Opel Icona

Opel Icona

Opel Icona

Opel Icona

Opel Icona

Opel Icona

Opel Icona

Opel Icona
Make Opel
Model Icona
Concept year 2010
Production year 2050 (theoretical)
Engine electric, solar and wind


The Opel Icona can be used on both land and water
The Opel Icona concept is the work of skilled Colombian designer Juan Pablo Bernal P, who created the concept while an intern at Opel's design studio. The concept was developed as part of his final year project for the Umea Institute of Design in Sweden.

The Opel Icona concept was conceived for the year 2050, and to accompany the concept Juan Pablo created a fictional future in which the Opel Icona concept plays a role.

The story goes a little something like this:

By the year 2050 the world is a very different place than what it is today. Most of the world's roads are either gridlocked with traffic, or so over used they are incredibly inefficient at helping you get from A to B. Also, because the world's available natural land has been so overbuilt, people have to start reclaiming land from the sea (like they already have done in places like Dubai) in order to make room for the expanding population. Add to that the fact global warming and reducing CO2 emissions are a top priority for everyone, and it's a very difficult environment to operate a conventional car.

Additionally, by the year 2050 family structure has decayed significantly due to the 24/7 high-tech lives most people lead, involving computers, video gaming and online social networking - which has replaced face-to-face relationships and family interaction.

Overall Juan Pablo paints a rather bleak picture of the future.

Enter the Opel Icona. Juan Pablo designed the 2050 Opel Icona to help in more ways than one.

Firstly it's powered by a combination of zero-emission electricity and wind power. The Icona's electricity is harnessed from the sun by the retractable sail which is woven with small solar panels. So basically anywhere it goes, on either land or sea, it gets there without adding any CO2 or other emissions to the atmosphere.

Secondly, if you happen to be one of the future people who ends up living on a reclaimed island or outcrop of land, instead of being forced to take the congested roads to get to where you want to go, you can just drive the Opel Icona into the sea and sail your way to work! Or if there's no wind, the rear wheels can be pulled up into the bodywork and used in conjunction with the electric motor to provide thrust in the form of water jets.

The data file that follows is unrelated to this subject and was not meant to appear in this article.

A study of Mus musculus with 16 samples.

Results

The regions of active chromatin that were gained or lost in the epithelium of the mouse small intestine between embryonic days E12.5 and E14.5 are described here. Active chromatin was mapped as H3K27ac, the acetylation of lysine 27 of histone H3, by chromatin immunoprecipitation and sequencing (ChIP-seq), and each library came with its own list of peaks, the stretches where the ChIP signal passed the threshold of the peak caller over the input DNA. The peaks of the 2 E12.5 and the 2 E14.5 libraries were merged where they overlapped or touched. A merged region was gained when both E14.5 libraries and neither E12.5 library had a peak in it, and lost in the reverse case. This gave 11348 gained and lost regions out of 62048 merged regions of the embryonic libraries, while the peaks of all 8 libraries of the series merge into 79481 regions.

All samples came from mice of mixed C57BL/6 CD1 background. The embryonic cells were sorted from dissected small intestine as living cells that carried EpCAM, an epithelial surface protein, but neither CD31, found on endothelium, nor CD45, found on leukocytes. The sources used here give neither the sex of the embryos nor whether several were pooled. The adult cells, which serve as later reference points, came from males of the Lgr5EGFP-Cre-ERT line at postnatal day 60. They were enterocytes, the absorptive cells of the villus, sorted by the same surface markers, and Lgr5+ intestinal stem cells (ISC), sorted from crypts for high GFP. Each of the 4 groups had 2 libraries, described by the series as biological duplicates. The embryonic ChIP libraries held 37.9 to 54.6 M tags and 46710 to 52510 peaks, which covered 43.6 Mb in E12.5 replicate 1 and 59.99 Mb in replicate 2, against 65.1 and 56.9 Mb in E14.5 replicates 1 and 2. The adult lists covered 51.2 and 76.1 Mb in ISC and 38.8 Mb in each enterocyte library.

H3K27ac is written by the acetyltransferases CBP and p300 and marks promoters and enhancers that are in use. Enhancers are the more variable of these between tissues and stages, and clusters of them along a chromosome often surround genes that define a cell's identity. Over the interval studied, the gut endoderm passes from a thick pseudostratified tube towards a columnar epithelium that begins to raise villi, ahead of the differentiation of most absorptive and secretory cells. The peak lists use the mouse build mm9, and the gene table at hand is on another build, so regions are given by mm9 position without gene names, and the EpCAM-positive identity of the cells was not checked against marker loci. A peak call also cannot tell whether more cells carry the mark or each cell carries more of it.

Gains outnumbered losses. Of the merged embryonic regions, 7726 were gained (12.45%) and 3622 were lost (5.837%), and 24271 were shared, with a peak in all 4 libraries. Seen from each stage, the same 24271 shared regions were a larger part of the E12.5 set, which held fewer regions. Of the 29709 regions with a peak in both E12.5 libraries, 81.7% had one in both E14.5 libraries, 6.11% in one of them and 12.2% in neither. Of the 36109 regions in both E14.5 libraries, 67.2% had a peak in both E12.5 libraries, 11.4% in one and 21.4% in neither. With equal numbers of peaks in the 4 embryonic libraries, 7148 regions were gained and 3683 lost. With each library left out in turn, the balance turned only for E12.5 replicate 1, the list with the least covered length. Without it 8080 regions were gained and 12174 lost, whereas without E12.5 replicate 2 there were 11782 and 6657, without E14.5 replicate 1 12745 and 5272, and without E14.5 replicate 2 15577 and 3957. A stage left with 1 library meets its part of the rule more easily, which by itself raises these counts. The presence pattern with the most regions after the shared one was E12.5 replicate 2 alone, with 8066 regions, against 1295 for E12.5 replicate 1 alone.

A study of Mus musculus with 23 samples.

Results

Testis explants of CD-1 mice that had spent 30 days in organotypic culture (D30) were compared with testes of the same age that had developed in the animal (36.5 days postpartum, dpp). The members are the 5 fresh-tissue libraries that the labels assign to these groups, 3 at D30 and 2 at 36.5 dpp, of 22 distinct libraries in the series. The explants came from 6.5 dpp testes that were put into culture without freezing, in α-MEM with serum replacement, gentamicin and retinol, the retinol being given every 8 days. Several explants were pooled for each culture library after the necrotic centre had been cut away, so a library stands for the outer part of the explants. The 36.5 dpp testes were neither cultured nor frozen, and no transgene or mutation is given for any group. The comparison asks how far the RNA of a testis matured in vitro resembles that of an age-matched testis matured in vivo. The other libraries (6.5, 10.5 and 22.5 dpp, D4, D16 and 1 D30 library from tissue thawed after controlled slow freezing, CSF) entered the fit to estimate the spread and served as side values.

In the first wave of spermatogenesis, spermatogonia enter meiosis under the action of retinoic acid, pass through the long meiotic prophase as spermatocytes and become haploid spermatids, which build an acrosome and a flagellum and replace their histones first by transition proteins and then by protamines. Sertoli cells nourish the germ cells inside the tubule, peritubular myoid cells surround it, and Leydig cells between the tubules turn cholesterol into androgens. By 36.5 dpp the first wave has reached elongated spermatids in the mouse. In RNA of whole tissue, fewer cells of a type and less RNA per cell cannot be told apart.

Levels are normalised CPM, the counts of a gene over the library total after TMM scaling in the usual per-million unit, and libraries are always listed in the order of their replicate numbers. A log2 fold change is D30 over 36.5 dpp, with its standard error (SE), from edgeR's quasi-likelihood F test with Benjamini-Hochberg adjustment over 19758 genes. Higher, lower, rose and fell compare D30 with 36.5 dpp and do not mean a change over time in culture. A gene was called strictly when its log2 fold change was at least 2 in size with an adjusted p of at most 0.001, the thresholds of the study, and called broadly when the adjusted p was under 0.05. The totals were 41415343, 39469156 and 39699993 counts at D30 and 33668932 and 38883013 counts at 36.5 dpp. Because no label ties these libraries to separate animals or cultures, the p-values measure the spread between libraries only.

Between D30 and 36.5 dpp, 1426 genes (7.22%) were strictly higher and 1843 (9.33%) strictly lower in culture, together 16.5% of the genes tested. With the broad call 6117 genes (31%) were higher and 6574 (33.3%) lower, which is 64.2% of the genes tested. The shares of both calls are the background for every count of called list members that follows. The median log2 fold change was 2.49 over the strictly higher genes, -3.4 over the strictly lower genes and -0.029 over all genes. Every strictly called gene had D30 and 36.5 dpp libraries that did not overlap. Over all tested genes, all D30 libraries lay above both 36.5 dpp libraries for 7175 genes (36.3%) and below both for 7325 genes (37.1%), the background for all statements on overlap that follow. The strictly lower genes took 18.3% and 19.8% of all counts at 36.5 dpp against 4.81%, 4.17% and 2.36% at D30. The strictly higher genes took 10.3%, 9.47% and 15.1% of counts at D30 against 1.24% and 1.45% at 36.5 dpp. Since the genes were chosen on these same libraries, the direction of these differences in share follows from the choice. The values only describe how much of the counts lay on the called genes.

And thirdly the Opel Icona could help bring parents and their children closer together by providing them with a fun, physical activity in the form of sailing. The designer also envisages a treasure hunt series developed for the Opel Icona (and presumably other similar amphibious wind-powered vehicles) in which parents and kids compete together against other families on both land and water in order to solve puzzles, improve their sailing skills, and in turn form better family relationships.


Design
The Opel Icona's design is driven by both form and function. It's an attractive and sporty looking vehicle, which at the same time manages to provide the space and packaging for a number of very clever features.

The sail folds away into a compartment behind the driver, while the keel - which helps provide stability while in the water - is neatly hidden under a panel at the lower rear of the Icona when not in use.

The rear wheels of the Opel Icona have two positions. Land mode - obvious really, that's when they're down and provide power when on land. And water mode - that's when they are pulled back up into two housings where they sit flush with the bodywork. When in water mode they can be used as impellers to drive water jets which provide thrust for the vehicle.

Unfortunately the Opel Icona is only a two-seat vehicle - with room for only one adult and one child. This, coupled with the fact it provides the occupants with no protection from the weather, would make it impractical for most single-car families. However if a four-seat, fully enclosed version were ever developed it could provide some of the answers to the world's future transportation problems.


All images courtesy of Juan Pablo Bernal P.